Air Canada says IBM deal will generate innovation

Air Canada has struck an outsourcing deal with IBM Canada that will see the two companies co-develop new technologies for the airline industry.

Worth $1.4 billion over the next the seven years, the deal is the largest Big Blue services agreement worldwide and is expected to save Canada’s biggest airline about $200 million in IT costs over the term of the contract, which takes effect Sept. 1.

Armonk, N.Y.-headquartered IBM will replace 20,000 computer workstations and several network servers, develop and install software upgrades and maintain Air Canada’s Web site. Air Canada’s data centre will be dismantled and moved to an IBM facility in Montreal. No job losses at the airline are expected as a result of the deal. IBM already has about 1,300 people working on the Air Canada contract.

Calin Rovinescu, the Montreal-based carrier’s executive vice-president of corporate development and strategy, said the partnership goes beyond managing the airline’s computer systems. “This partnership is about innovation,” he said, adding that the deal will allow Air Canada to invest in new technology despite the economic downturn. Without the help of IBM, he said, “the amount of resources we could bring to technological innovation would be restricted.”

As part of the partnership, IBM will invest an undisclosed amount in joint business ventures. Alice Keung, Air Canada CIO, said joint projects will focus on improving customer service. The first project will be a wireless, mobile computer that Air Canada employees will use to check in travelers at the airport before they even step inside the terminal.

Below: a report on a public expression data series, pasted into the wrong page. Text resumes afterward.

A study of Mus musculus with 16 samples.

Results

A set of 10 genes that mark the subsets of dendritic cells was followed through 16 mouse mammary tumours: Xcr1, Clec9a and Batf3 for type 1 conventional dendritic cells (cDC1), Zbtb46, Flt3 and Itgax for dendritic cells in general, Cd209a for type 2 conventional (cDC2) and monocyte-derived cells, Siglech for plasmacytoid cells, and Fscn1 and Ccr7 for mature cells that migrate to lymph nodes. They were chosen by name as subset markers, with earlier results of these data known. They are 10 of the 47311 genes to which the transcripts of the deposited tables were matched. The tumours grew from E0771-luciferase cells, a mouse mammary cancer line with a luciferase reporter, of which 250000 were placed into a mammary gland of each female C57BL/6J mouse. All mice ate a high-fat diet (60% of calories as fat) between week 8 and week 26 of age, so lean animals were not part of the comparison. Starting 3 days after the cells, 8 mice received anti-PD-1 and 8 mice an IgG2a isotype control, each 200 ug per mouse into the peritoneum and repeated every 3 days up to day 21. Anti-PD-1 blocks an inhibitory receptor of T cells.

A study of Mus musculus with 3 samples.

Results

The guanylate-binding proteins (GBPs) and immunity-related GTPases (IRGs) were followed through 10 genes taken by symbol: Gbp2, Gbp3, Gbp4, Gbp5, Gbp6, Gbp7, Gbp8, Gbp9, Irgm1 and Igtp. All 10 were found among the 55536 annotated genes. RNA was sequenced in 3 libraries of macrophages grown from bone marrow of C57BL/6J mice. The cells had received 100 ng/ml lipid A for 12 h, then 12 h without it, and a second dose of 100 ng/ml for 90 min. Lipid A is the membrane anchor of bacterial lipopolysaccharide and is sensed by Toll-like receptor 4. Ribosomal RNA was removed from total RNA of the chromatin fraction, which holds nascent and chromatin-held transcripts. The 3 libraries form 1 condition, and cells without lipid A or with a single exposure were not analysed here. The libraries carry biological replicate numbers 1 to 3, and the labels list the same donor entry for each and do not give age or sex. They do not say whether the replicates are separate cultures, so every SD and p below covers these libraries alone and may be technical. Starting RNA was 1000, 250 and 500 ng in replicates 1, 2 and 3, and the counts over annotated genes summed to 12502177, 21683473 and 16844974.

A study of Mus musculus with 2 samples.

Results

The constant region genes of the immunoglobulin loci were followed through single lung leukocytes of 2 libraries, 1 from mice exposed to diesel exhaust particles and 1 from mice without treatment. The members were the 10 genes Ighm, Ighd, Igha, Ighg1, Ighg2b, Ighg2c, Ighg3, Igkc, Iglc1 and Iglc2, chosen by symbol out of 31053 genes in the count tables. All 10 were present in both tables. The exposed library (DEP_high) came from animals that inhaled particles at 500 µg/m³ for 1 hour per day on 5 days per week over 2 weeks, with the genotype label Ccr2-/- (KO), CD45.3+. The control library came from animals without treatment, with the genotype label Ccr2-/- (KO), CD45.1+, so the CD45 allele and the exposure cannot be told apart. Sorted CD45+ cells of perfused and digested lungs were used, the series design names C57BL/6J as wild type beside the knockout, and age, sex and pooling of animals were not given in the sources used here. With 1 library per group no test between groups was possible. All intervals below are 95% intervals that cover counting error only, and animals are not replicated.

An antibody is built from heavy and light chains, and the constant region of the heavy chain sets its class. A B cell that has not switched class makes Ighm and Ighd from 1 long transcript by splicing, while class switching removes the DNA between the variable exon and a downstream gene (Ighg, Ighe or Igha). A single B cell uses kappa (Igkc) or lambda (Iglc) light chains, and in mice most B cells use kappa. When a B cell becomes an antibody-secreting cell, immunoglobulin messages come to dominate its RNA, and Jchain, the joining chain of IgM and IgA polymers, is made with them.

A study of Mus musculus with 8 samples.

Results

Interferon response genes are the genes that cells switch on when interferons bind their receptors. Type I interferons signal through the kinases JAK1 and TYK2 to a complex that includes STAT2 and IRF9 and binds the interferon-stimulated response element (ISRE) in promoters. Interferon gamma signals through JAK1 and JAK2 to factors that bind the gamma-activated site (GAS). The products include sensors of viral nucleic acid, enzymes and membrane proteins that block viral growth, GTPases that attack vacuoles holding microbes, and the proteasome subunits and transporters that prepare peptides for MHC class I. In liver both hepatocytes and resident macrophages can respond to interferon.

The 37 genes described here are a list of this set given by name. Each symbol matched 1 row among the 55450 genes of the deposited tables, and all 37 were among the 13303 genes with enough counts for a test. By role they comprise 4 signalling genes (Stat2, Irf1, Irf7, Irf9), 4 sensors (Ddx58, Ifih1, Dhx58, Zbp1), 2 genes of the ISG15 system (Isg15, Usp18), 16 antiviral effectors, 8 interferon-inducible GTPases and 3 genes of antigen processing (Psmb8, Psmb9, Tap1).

Air Canada expects new revenue to come from selling the technology developed with IBM. The two companies have already developed a computer check-in kiosk for Air Canada fliers using electronic tickets. Some of those kiosks have since been sold to other airlines, including 11,000 to United Airlines in April.

Ownership of the any new technologies developed under the partnership will be decided on a case-by-case basis.

Jason Bremner, senior analyst, outsourcing services with IDC Canada in Toronto, said senior executives are becoming much more tech savvy and are looking for more value from their outsourcing suppliers. “What we’re seeing [now] is strategic relationships between customers and suppliers.”

In the past, Bremner said, these types of deals were often strategic and favorable for the vendor, but not necessarily the customer. “Before a lot of it was just driven by cost reduction and cost control.” Now customers are looking at technology partnerships to help fuel future growth, he said. “It’s a visionary approach.”

Air Canada originally outsourced the management of its computer systems to IBM in 1994.

Gary Hilson
Gary Hilson is a Toronto-based freelance writer who has written thousands of words for print and pixel in publications across North America. His areas of interest and expertise include software, enterprise and networking technology, memory systems, green energy, sustainable transportation, and research and education. His articles have been published by EE Times, SolarEnergy.Net, Network Computing, InformationWeek, Computing Canada, Computer Dealer News, Toronto Business Times and the Ottawa Citizen, among others.